With temperatures plummeting and winter well on its way, the Department of Infrastructure is asking the Manx public to be prepared for adverse driving conditions and explain their gritting process.

Its shared statement on social media is to ensure that people know to drive to the conditions but also to take responsibility for using grit on their driveways and paths outside their own properties when necessary.

It also encourages people to consider the needs of elderly neighbours or those who might appreciate some help.

When snow or ice is forecast, bulk gritters from the DoI are deployed to help maintain safe driving conditions on primary routes in the event of freezing conditions.

Priority is given to roads that carry the heaviest traffic, as well as key bus routes and roads to hospitals, fire stations and schools.

Officers from the Highway Services Division liaise with the Met Office when adverse weather is forecast. Warnings of sub-zero conditions, ice and frost trigger discussions about which locations to grit.

A range of factors are considered, including the predicted temperature, wind speeds, the likelihood of rain, sleet or snow and the current condition of the highway network.

Subject to the nature and timings of the weather warnings, roads are treated after the evening rush hour or from 5am before the morning commute.

Grit is spread before ice and frost forms to try to prevent roads becoming treacherous.

The department’s emergency control room at Ellerslie in Crosby is staffed round the clock during severe weather events to co-ordinate resources and respond to changing conditions and demands.

The DoI has also answered some commonly asked questions that people have surrounding road gritting and the work it does during the winter months:

One of the most frequently asked is: The roads are white, why haven’t you gritted?

Its answer says: ‘Grit is meant to stop ice forming on the road surface.

‘Grit will generally not stop snow lying on roads, unless the snowfall is very light indeed.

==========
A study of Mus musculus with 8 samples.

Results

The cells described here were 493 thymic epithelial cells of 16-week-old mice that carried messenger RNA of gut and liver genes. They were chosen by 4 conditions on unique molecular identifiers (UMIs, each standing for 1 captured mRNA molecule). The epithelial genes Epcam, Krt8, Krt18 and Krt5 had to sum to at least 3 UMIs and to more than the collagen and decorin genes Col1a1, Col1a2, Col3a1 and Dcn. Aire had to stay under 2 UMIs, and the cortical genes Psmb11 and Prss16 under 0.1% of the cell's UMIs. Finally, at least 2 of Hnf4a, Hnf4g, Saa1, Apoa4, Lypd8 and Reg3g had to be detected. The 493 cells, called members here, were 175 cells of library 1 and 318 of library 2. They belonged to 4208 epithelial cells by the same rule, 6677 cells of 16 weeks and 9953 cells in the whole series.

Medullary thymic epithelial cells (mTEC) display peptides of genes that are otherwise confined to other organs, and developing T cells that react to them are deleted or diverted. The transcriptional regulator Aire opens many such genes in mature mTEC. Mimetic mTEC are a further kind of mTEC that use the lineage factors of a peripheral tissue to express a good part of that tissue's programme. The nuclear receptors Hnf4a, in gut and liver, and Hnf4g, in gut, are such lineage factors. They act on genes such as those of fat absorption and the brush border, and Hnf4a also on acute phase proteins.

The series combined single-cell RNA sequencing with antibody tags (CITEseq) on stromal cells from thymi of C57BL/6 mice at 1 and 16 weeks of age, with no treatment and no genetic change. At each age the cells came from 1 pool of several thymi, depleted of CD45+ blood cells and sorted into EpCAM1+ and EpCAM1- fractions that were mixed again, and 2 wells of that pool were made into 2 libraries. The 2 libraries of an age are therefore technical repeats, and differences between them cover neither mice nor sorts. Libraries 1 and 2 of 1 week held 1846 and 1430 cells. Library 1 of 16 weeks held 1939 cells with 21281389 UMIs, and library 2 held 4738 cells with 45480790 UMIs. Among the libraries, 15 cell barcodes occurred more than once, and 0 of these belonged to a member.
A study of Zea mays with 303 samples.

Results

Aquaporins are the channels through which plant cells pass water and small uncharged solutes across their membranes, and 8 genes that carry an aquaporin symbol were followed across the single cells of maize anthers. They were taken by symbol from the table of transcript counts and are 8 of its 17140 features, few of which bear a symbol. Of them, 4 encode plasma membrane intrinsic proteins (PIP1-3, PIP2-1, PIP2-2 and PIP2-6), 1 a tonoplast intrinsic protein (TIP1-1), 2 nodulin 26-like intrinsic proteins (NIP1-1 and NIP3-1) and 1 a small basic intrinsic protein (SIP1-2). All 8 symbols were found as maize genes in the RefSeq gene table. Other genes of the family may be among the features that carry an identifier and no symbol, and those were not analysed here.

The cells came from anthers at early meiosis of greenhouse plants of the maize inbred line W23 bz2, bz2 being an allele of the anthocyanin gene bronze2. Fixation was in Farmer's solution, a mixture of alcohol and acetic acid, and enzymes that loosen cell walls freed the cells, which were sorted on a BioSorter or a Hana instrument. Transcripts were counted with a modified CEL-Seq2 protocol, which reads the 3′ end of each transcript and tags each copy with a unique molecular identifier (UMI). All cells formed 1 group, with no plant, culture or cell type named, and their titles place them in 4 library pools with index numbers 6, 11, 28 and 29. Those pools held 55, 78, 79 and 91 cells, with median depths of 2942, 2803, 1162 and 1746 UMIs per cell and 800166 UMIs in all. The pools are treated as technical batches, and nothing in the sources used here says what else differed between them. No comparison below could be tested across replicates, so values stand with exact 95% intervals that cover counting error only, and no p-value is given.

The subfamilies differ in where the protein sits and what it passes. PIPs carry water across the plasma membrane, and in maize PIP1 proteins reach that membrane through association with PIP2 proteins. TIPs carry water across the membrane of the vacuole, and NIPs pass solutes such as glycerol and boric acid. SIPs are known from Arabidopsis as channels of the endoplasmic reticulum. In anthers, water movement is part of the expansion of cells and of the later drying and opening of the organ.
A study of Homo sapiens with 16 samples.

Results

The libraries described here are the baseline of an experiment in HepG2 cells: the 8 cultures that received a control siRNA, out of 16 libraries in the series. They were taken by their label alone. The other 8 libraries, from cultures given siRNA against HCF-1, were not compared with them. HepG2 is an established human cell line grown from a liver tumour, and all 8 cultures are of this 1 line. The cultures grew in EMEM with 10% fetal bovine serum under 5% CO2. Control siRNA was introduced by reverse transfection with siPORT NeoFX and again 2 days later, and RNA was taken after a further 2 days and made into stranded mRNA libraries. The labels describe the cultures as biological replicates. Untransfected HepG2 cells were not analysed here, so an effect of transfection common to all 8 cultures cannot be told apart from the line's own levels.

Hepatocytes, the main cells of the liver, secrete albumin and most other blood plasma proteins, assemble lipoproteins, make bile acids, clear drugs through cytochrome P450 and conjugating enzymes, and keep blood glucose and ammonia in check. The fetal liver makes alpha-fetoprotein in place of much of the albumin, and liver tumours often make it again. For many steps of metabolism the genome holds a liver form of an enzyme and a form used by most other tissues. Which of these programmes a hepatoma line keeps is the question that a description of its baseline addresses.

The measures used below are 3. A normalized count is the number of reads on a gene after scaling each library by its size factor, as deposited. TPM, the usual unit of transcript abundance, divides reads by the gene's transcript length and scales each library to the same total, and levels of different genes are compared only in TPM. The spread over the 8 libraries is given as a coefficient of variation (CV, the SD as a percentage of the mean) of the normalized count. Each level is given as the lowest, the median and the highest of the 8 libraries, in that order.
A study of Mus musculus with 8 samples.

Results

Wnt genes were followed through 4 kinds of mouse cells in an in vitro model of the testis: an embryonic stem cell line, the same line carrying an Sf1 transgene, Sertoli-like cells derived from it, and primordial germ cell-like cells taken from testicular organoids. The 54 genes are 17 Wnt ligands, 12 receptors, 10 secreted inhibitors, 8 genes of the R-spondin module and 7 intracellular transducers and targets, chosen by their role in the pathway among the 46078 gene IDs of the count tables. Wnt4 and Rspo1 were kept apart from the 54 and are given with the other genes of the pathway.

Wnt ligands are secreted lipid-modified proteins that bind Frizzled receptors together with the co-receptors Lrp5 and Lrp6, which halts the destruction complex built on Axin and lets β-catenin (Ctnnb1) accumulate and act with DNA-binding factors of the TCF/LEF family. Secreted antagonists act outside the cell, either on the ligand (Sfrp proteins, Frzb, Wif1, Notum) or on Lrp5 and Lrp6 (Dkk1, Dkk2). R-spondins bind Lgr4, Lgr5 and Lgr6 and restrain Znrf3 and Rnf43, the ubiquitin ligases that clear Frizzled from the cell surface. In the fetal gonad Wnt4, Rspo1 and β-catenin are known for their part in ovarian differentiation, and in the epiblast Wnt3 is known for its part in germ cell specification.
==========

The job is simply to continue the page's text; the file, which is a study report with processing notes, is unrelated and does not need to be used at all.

‘When snow falls it will generally lie on roads and we need to plough and then grit again to clear it. Grit also relies on the mechanical action of tyres to make it work well. That is why in snow conditions the tyre tracks turn black while much of the rest of the road remains white.

‘If traffic is light roads will take longer to turn black.’

Many people question when gritting is carried out, and the department has attempted to explain why it depends on a number of possibilities.

It said: This depends on a variety of factors.

‘When we receive a weather forecast that indicates roads may require gritting, where possible we carry out the gritting treatment in the evening at approximately 6pm and / or 5am prior to morning commuting traffic building up on the roads.

‘Gritting at this time ensures the best performance of the grit.

‘Spreading salt at these times also means the roads are treated in advance of peak traffic flows, before the times where frost and ice will form, and when there will be enough traffic on the roads to help the salt mix with the moisture to form a saline solution.

‘Where the weather forecast cannot confirm with certainty that a treatment will be needed, we will continuously monitor the weather data and order a grit treatment only if it is needed or where reports of icy conditions dictate.

‘Gritting cannot be carried out when it is raining or it is forecast to rain as the rain washes the grit off the road. High winds also pose a problem and will blow the grit away, so monitoring the weather conditions is critical in informing the right time to deploy the gritters.’

For more information on gritting visit gov.im/gritting.